Many people gobble big doses of vitamin C in hopes of boosting their immune system and warding off illness. But new research shows that in people with cancer, the vitamin may do more harm than good.
Researchers at Memorial Sloan-Kettering Cancer Center in New York studied the effects of vitamin C on cancer cells. As it turns out, the vitamin seems to protect not just healthy cells, but cancer cells, too. The findings were published today in the journal Cancer Research.
“The use of vitamin C supplements could have the potential to reduce the ability of patients to respond to therapy,” said Dr. Mark Heaney, an associate attending physician at the cancer center.
Dr. Heaney and his colleagues tested five different chemotherapy drugs on cancer cells in the laboratory. Some of the cells were first treated with vitamin C. In every case, including a test of the powerful new cancer drug Gleevec, chemotherapy did not work as well if cells had been exposed to vitamin C. The chemotherapy agents killed 30 to 70 percent fewer cancer cells when the cells were treated with the vitamin.
A second set of experiments implanted cancer cells in mice. They found that the tumors grew more rapidly in mice that were given cancer cells pretreated with vitamin C.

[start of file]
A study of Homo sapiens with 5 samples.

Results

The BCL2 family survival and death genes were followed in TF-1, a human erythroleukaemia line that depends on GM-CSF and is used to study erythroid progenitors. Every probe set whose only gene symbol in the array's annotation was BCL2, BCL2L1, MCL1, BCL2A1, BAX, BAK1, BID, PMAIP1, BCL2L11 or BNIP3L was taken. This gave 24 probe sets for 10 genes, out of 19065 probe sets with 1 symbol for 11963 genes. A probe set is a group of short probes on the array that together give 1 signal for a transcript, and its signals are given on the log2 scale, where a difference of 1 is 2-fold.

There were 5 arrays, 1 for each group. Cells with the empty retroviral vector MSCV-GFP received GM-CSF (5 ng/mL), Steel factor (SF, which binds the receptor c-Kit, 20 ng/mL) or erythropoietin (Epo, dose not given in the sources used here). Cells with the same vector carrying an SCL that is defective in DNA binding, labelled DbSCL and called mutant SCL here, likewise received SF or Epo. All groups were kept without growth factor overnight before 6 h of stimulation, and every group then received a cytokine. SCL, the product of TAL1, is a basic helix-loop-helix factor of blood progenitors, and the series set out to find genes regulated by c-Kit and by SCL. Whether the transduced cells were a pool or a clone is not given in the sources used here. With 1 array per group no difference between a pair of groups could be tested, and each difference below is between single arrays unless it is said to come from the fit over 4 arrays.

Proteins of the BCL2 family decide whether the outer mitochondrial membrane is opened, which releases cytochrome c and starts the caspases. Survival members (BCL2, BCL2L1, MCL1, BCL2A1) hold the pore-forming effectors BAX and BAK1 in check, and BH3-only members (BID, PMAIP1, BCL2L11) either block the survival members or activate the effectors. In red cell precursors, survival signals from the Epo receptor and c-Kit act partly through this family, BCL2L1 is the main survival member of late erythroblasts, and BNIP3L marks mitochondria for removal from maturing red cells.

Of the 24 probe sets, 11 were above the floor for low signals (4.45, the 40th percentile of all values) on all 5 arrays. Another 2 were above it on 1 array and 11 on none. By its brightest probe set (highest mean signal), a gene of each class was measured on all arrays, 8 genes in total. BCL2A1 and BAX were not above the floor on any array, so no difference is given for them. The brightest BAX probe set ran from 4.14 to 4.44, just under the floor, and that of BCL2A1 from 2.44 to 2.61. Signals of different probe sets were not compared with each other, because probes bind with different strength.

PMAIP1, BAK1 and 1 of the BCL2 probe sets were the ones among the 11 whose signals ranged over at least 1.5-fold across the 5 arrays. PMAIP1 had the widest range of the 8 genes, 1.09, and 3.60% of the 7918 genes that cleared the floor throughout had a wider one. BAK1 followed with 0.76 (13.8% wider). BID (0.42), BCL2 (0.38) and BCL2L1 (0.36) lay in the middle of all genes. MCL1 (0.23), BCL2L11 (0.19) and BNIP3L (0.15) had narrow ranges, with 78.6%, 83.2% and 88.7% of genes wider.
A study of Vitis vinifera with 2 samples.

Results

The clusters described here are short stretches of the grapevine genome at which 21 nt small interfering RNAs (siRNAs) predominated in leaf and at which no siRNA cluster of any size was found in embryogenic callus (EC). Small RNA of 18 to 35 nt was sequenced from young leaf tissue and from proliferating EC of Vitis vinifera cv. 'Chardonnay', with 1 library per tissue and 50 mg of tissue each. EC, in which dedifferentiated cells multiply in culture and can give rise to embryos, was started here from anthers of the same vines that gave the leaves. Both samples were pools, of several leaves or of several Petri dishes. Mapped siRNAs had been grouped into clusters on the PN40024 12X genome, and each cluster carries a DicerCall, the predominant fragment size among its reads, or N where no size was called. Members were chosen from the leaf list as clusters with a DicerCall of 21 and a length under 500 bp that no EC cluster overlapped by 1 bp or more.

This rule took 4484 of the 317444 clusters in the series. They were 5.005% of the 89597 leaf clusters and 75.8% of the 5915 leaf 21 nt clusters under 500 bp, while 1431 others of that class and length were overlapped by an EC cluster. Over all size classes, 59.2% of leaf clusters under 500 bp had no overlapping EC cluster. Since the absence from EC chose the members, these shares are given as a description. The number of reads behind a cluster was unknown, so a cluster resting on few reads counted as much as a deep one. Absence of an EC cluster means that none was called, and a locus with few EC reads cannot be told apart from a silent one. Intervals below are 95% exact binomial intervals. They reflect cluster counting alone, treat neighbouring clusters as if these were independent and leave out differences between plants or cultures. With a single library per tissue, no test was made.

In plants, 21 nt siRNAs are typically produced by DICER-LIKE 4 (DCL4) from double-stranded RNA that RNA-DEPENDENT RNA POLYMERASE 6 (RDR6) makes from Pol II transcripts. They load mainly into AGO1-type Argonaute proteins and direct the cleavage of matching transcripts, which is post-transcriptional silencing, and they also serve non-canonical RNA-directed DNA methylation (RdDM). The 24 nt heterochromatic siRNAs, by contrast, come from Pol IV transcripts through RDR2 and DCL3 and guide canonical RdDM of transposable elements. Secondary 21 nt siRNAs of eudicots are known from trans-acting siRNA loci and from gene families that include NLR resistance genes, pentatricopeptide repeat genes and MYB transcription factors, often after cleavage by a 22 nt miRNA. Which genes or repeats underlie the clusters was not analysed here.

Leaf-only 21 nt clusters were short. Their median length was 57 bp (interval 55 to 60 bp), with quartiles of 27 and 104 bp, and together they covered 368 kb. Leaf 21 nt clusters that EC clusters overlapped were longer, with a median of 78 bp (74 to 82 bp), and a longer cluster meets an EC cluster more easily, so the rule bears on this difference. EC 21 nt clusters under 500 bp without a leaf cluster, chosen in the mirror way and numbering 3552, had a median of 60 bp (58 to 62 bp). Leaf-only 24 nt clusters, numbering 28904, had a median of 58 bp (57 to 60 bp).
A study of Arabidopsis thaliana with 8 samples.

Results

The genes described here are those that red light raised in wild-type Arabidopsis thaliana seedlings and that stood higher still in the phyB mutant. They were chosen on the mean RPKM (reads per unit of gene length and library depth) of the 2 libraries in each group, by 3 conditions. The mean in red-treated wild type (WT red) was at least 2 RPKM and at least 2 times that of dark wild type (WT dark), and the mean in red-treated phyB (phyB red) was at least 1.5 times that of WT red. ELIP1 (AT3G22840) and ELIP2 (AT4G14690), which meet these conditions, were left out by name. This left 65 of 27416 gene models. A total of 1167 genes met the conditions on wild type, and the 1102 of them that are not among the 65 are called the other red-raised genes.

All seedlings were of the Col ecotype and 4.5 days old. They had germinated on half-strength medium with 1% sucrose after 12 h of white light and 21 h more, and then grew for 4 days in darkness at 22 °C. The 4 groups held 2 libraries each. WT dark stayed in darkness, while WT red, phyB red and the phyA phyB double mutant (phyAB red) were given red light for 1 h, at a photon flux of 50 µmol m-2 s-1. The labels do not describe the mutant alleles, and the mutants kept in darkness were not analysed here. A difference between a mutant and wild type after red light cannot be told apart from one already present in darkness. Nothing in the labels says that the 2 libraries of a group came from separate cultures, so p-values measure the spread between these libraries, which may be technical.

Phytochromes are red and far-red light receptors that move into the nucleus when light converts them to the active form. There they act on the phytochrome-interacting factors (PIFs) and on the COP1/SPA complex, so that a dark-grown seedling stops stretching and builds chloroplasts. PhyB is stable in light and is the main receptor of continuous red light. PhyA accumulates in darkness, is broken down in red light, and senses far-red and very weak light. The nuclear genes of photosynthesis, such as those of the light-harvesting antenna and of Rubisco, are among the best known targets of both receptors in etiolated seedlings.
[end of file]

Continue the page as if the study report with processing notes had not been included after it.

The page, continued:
The researchers found that just like healthy cells, cancer cells also benefit from vitamin C. The vitamin appeared to repair a cancer cell’s damaged mitochondria, the energy center of cells. When the mitochondria is injured, it sends signals that force the cell to die, but vitamin C interrupts that process.
“Vitamin C appears to protect the mitochondria from extensive damage, thus saving the cell,” Dr. Heaney said. “And whether directly or not, all anticancer drugs work to disrupt the mitochondria to push cell death.”
Dr. Heaney measured the buildup of vitamin C levels in cells and said that the levels of vitamin C used in the experiments were similar to those that would result if a patient took large doses of the vitamin in supplement form. Earlier research at the cancer center showed that vitamin C seems to accumulate within cancer cells more than in normal cells.
Patients should eat a healthy diet that includes foods rich in vitamin C, Dr. Heaney said, but it’s the large doses of vitamin C in tablet form that are worrisome.